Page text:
SALT LAKE CITY — Paul Millsap looks forward to catching up with Andrei Kirilenko before tonight's game between the Utah Jazz and Minnesota Timberwolves.
But Millsap admitted it will be weird to see AK-47 in T-Wolves gear after the small forward spent the first decade of his NBA life in a Utah uniform.
"It's going to be good to see how he gets out there and plays and how he responds to our crowd, which was his crowd for 10 years," Millsap said. "It's going to be a little different. I can't wait to see what happens."
Kirilenko is eager to find out himself.
“I can’t imagine how I’m going to step into the EnergySolutions Arena and go to the guest locker room, not the home locker room,” he told Minnesota media Tuesday. “It’s going to be different, but I have a lot of friends, tons of friends from 10 years there. A lot of fans that I probably know. I probably know the first 20 rows around the arena. I know all the fans."
It remains to be heard how those fans will respond to his quasi-homecoming.
Cheers? Jeers? Maybe even tears?
Cheers for the unique versatility he provided while averaging about 12 points, six rebounds, three assists and two blocks per game from the Stockton-and-Malone days to the post-Sloan era?
"A tremendous guy, first of all. A really, really good teammate. He had a great run here with us," Jazz coach Tyrone Corbin said of Kirilenko. "The guys seemed to really enjoy having him on the team. We really enjoyed coaching him. I thought he did some good things for this organization."
Jeers for missing almost two full seasons worth of games (13.9 per season) and for not putting up consistent All-Star numbers while consistently cashing the checks in his six-year, $86-million max contract?
Or maybe even tears a la the infamous playoff situation in which he broke down in Houston back in 2007?
Millsap is curious how Jazz fans will treat the Ivan Drago lookalike, who was affable and considered Salt Lake City his second home even while drawing the ire of critics during his Utah tenure.
"They might give him the Jimmer treatment and cheer him. Or they might give him the D-Will treatment and boo him," Millsap said. "Who knows? We'll just wait and see what happens."
The two players were teammates in Utah from the time Millsap entered the league in 2006 until the end of the 2010-11 season, before Kirilenko returned to Russia to play for CSKA Moscow and the NBA went into lockout mode.
Kirilenko didn't play in the NBA during the shortened 2011-12 season, but he's now playing with a two-year deal in Minnesota where he's averaging 13.3 points and 6.9 rebounds.
Reminiscing about Kirilenko brought a smile to Millsap's face — not unlike it did before he talked about Deron Williams and Mehmet Okur last season leading up to their Beehive State returns.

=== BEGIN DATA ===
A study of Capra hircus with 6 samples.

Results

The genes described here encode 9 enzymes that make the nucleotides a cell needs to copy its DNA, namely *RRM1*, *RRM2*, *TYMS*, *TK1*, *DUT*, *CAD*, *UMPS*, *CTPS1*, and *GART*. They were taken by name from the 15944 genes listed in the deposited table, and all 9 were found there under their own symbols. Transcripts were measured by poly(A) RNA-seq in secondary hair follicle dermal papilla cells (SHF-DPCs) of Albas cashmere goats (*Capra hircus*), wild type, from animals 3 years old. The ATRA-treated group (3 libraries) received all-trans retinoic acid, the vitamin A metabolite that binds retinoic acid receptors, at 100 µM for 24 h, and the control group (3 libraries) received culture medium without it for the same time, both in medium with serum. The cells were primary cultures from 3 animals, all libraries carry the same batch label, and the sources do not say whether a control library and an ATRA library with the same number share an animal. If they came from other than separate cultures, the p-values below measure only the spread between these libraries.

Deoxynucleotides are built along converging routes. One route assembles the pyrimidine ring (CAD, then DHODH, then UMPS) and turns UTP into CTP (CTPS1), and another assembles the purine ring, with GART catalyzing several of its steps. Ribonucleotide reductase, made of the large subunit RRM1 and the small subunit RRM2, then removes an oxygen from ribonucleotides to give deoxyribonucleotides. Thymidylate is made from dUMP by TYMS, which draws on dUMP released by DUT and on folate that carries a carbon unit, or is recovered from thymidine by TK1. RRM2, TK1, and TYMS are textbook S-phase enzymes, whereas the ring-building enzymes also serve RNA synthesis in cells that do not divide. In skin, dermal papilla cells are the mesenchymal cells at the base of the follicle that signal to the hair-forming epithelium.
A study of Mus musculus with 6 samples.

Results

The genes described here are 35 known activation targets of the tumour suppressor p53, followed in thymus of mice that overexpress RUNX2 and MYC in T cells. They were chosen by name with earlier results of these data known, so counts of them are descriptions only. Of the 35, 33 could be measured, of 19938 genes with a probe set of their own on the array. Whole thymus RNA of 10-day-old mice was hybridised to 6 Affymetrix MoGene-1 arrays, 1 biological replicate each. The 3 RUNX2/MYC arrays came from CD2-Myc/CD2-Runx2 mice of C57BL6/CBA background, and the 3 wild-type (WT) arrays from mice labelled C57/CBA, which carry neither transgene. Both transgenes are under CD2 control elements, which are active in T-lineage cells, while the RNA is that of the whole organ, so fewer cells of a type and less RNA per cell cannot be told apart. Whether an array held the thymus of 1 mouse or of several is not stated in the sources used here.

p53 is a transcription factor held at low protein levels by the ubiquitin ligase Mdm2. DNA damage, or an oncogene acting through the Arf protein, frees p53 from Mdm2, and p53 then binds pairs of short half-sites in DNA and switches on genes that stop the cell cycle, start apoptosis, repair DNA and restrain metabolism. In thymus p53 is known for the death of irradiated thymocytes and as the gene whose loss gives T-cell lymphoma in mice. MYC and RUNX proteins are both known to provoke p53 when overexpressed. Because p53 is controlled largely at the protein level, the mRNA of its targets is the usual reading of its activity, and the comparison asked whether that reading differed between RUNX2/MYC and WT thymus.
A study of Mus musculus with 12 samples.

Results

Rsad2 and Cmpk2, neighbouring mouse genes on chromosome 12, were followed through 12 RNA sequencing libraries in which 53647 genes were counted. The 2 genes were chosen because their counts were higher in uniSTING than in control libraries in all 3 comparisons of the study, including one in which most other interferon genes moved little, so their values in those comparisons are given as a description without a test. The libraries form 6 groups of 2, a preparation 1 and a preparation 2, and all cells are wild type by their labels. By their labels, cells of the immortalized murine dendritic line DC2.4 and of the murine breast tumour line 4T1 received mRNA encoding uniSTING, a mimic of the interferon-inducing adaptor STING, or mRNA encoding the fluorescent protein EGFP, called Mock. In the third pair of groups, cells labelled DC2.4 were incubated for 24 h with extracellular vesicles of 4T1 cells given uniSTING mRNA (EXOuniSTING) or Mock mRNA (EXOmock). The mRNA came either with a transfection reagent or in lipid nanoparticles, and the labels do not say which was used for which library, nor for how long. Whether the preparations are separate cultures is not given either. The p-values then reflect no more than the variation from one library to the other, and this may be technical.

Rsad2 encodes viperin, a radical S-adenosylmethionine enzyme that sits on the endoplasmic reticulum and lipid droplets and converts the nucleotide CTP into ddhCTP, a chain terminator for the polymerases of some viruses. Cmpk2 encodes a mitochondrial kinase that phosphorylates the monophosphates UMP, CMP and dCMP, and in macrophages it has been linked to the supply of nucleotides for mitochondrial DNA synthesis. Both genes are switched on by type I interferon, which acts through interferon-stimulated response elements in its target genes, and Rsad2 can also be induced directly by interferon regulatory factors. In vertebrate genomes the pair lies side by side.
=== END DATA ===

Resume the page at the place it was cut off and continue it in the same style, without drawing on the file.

"He's actually a great teammate," Millsap said. "He's a good teammate on the floor (and) off the floor. On the floor, he was very unselfish."
Corbin said the Jazz organization considered Kirilenko an integral part of the franchise's success when he played like that.
"We always talked about when he played well and was being active on both ends of the floor, we were a pretty good ball club," Corbin said. "Because he can affect the game so many different ways."
On offense, Kirilenko was able to get teammates involved. He could slash, finish at the basket and hit the occasional jumper.
On defense, the quick and lanky 6-foot-9 forward was credited for playing solid defense on his own guy and providing extraordinary assistance on help defense.
Marvin Williams said he's only seen one guy in his NBA career who is as versatile of a player as Kirilenko, and that's his former Atlanta teammate Josh Smith.
"He was really able to help this Jazz team win a lot of games. He's so versatile. He can really shoot the ball. He can pass it. He can guard," Williams said. "He was able to do a lot of things at this position. I'm sure Jazz fans will be excited to see him back here."
Some will be thrilled to applaud the 2004 All-Star, who was instrumental in helping the Jazz make six playoff appearances, including the 2007 Western Conference Finals.
And some won't be so ecstatic to see a player whose Jazz career was riddled with injuries and inconsistencies.
Even so, Corbin and Millsap laughed remembering how Kirilenko was a good locker room guy, who got along with teammates and who always had his nose in some Russian novel.
"Off the court, he was always having fun, joking around," Millsap said. "You can't really see that when you see him, but that's who he is."
Corbin anticipates a positive response for Kirilenko.
"The people really enjoyed his time here. He enjoyed being and interacting with the fans in his time here," Corbin said. "We wish him well. He's with a different team now, but it will be good to see him back on the floor."
And likewise for Kirilenko.
“It’s a big deal. I learned a lot from there,” Kirilenko said. “Jerry (Sloan) is the guy who basically created me and gave me an NBA career, like, it’s a lot of good words about it.”